Our awesome friends at Vertigo Comics sent us the newest installment from their crime division, 99 Days. This book follows detectives Boyd and Torres, who are working to catch the elusive “Machete Murderer.” The story is set in South Central, Los Angeles where a young woman is killed in her home. The murders incite a new gang war between Bloods and Crips, causing a huge media up roar. The book also follows the heart-wrenching story about Detective Boyd’s childhood growing up in Rwanda and his struggle to overcome the emotional scars he developed. Before reading this book I found myself really wanting a good cop drama/murder mystery to read and 99 days totally delivers. I love the multidimensional aspect of the book. It was a very quick read, which is a nice break from the long universe-altering stories that are currently being spoon-fed to the masses.
The book jumps between the case the detectives are working, the memories of Detective Boyd, the weird flirty relationship between Boyd and Torres, and the racism and stereotypes they confront everyday. It was almost like watching Law and Order: South Central. As a matter of fact, 99 Days would have made a fantastic movie or TV show.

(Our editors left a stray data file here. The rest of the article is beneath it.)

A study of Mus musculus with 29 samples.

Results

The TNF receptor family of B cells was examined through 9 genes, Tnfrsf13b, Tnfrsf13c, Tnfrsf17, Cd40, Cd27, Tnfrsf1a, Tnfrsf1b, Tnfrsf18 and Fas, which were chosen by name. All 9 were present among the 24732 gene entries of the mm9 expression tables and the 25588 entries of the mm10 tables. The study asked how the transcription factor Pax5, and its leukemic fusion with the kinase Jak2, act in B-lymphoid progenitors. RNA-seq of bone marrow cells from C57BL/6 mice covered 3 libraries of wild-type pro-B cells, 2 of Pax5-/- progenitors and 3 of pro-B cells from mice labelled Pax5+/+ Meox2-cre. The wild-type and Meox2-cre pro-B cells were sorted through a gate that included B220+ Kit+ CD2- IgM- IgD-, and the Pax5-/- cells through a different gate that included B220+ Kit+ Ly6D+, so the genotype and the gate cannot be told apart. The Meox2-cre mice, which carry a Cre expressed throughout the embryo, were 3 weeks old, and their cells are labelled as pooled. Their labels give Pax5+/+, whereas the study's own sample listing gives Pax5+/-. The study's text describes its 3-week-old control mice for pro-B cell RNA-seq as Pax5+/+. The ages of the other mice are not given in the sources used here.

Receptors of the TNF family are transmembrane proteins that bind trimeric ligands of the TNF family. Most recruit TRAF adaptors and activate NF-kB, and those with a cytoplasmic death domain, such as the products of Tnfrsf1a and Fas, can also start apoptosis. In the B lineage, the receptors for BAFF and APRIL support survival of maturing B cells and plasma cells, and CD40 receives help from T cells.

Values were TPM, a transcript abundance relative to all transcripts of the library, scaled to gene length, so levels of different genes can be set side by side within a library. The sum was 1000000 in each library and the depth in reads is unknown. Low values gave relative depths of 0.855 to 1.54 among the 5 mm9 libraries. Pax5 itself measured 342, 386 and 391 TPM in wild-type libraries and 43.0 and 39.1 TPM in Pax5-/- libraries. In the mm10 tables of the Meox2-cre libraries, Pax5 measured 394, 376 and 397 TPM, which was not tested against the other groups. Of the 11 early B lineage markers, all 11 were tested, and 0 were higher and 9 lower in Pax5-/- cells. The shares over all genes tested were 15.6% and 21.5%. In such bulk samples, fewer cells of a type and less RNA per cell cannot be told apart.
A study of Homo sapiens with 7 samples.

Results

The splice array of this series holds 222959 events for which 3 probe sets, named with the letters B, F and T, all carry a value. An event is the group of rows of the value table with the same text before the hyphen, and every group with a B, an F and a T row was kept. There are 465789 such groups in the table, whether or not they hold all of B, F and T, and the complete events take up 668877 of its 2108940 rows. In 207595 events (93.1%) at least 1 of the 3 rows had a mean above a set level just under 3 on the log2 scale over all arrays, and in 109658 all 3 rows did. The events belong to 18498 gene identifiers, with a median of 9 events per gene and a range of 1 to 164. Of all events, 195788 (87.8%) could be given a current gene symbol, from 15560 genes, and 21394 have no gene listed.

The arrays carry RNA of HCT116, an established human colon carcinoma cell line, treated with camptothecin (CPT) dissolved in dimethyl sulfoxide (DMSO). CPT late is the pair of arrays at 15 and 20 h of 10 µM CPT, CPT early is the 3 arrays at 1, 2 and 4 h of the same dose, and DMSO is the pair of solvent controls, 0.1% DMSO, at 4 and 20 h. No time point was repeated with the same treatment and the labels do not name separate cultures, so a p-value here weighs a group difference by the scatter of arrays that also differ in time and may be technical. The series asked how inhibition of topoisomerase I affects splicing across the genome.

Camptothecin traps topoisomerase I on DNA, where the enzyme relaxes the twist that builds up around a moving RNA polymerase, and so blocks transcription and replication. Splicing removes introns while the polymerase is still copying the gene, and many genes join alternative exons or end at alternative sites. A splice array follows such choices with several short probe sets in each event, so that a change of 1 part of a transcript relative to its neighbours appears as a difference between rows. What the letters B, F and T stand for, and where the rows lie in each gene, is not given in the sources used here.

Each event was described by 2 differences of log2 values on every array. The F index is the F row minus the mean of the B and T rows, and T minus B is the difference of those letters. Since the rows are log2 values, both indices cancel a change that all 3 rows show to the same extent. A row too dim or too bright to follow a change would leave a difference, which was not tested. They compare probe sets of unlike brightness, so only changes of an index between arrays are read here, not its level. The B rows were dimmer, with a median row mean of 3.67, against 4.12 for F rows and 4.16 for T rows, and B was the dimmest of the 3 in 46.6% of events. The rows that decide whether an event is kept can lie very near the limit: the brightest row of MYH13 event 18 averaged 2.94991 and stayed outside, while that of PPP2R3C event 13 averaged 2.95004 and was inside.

However, there are some negatives. The ending seems to arrive almost too quickly. One moment you are reading the story and then – boom – it turns into a landslide of conclusion.
Also, it seems that they tried to shove far too many different agendas into 179 pages of comic. You might need to be multilingual to read certain parts of the book that are in English, Spanish, and Ebonics. Let me just say, as someone who was born and raised in South Central, Los Angeles, no one says “knowwhati’msayin” anywhere near as much as the stereotypical ‘black’ characters in this story.
Overall, 99 Days gets the Nerdlocker seal of approval. It’s a good story that draws you in and wraps itself up quickly. If you like drama, crime novels, or blacksploitation, this is the book for you.